The disappearance of Malaysia Airlines Flight 370 does not appear to be related to terrorism, the head of the international police organization Interpol said Tuesday.
"The more information we get, the more we're inclined to conclude that it was not a terrorist incident" Interpol Secretary General Ronald Noble said at a news conference in Lyon, France.
Among the evidence pointing in that direction, he said: news from Malaysian authorities that one of two people said to be traveling on stolen passports, an Iranian, was trying to travel to his mother in Germany.
Further, there's no evidence to suggest either was connected to any terrorist organizations, according to Malaysian investigators.
The two passengers in question entered Malaysia using valid Iranian passports, Noble said at a news conference. But they used stolen Austrian and Italian passports to board the missing Malaysian plane, he said.
Noble gave their names and ages as Pouria Nour Mohammadi, 18, and Delavar Seyed Mohammad Reza, 29.
Malaysian police had earlier identified Mohammadi, using a slightly different name and age, and said they believed he was trying to migrate to Germany.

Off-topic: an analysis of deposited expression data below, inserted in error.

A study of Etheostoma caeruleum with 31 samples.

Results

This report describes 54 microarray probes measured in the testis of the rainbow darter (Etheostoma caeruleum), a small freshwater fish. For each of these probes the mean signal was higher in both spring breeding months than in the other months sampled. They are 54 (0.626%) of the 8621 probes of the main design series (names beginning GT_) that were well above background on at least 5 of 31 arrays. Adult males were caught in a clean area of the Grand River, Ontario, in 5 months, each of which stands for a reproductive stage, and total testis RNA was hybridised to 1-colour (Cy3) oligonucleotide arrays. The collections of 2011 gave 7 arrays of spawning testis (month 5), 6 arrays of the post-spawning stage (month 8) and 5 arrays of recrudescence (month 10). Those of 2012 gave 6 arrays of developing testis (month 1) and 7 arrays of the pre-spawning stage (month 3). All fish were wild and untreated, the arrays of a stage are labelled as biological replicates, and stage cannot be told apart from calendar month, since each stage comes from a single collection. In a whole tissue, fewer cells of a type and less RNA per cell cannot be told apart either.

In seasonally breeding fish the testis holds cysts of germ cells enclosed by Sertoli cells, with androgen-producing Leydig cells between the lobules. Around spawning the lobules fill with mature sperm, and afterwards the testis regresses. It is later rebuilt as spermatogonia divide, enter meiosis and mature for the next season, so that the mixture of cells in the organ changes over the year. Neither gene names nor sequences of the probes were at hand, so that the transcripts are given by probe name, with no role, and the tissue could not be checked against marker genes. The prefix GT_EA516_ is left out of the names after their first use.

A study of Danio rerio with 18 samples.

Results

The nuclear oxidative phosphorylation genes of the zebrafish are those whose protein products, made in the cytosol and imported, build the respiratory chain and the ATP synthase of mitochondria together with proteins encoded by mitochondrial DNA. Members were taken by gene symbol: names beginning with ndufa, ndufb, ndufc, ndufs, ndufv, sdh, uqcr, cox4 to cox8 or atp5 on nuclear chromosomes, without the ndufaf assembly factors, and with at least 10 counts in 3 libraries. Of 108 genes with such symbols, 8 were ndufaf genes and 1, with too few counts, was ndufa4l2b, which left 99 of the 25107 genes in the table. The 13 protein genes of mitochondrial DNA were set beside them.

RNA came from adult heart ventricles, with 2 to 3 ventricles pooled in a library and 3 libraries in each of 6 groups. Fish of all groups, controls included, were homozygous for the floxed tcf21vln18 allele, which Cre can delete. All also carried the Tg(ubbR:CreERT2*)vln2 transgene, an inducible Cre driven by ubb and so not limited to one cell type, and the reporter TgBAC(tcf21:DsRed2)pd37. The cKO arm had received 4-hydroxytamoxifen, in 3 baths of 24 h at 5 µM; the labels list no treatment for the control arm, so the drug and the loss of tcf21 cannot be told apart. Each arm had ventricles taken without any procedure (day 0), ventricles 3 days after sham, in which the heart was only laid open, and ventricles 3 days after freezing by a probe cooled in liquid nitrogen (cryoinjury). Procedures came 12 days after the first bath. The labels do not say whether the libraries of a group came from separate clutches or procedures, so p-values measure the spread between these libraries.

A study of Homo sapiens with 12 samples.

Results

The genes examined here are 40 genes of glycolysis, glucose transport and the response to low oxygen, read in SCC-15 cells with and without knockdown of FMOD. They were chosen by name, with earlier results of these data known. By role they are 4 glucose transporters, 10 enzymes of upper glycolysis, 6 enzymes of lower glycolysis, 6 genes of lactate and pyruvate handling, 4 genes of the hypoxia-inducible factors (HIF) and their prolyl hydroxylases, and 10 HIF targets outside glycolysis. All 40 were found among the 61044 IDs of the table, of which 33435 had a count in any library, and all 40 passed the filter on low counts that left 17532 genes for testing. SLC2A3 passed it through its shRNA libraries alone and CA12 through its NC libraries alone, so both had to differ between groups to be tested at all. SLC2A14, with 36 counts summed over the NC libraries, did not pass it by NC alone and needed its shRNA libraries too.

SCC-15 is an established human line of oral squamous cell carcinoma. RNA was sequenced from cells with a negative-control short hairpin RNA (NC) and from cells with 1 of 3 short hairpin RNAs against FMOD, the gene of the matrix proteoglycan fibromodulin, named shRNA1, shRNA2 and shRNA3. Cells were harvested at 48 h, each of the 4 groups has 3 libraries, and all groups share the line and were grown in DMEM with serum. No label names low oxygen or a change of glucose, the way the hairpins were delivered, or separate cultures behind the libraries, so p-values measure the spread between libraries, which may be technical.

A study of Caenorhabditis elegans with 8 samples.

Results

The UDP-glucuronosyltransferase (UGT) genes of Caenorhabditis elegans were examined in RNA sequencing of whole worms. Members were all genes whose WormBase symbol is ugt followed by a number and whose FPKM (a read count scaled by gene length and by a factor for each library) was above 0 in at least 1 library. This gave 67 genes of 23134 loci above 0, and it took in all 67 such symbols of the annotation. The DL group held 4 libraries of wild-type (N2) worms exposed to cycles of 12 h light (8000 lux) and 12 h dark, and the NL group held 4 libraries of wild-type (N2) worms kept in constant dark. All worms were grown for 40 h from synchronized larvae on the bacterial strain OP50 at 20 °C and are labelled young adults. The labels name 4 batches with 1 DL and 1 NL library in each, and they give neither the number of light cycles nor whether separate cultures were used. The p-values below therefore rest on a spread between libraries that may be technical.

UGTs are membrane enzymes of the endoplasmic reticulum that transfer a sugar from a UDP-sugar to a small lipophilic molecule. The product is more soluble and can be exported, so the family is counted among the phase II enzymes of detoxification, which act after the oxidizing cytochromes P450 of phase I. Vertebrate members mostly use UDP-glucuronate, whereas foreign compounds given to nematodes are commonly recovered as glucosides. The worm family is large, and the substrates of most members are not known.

Inspector General Khalid Abu Bakar of the Royal Malaysian Police said it doesn't appear the younger Iranian posed a threat.
"We have been checking his background. We have also checked him with other police organizations of his profile, and we believe that he is not likely to be a member of any terrorist group," Khalid said.
After he failed to arrive in Frankfurt, the final destination of his ticket, his mother contacted authorities, Khalid said. According to ticketing records, the ticket to Frankfurt was booked under the stolen Austrian passport.
The bigger piece of the puzzle
The identification of one of the men helps peel away a thin layer of the mystery surrounding the passenger jet, which disappeared about an hour into its flight from Kuala Lumpur to Beijing.
But in the bigger puzzle of the missing plane's whereabouts, there were no reports of progress Tuesday.
Every lead that has raised hopes of tracing the commercial jet and the 239 people on board has so far petered out.
"Time is passing by," a middle-aged man shouted at an airline agent in Beijing on Tuesday. His son, he said, was one of the passengers aboard the plane.
Most of those on the flight were Chinese. And for their family members, the wait has been agonizing.
There were also three U.S. citizens on the plane, including Philip Wood.
"As of yet, we know as much as everyone else," Wood's brother, Tom, told CNN's "AC360" Monday. "It seems to be getting more bizarre, the twists in the story, where they can't find anything. So we're just relying on faith."
The challenge facing those involved in the huge, multinational search is daunting; the area of sea they are combing is vast.
And they still don't know if they're looking in the right place.
"As we enter into Day 4, the aircraft is yet to be found," Malaysia Airlines said in a statement released Tuesday.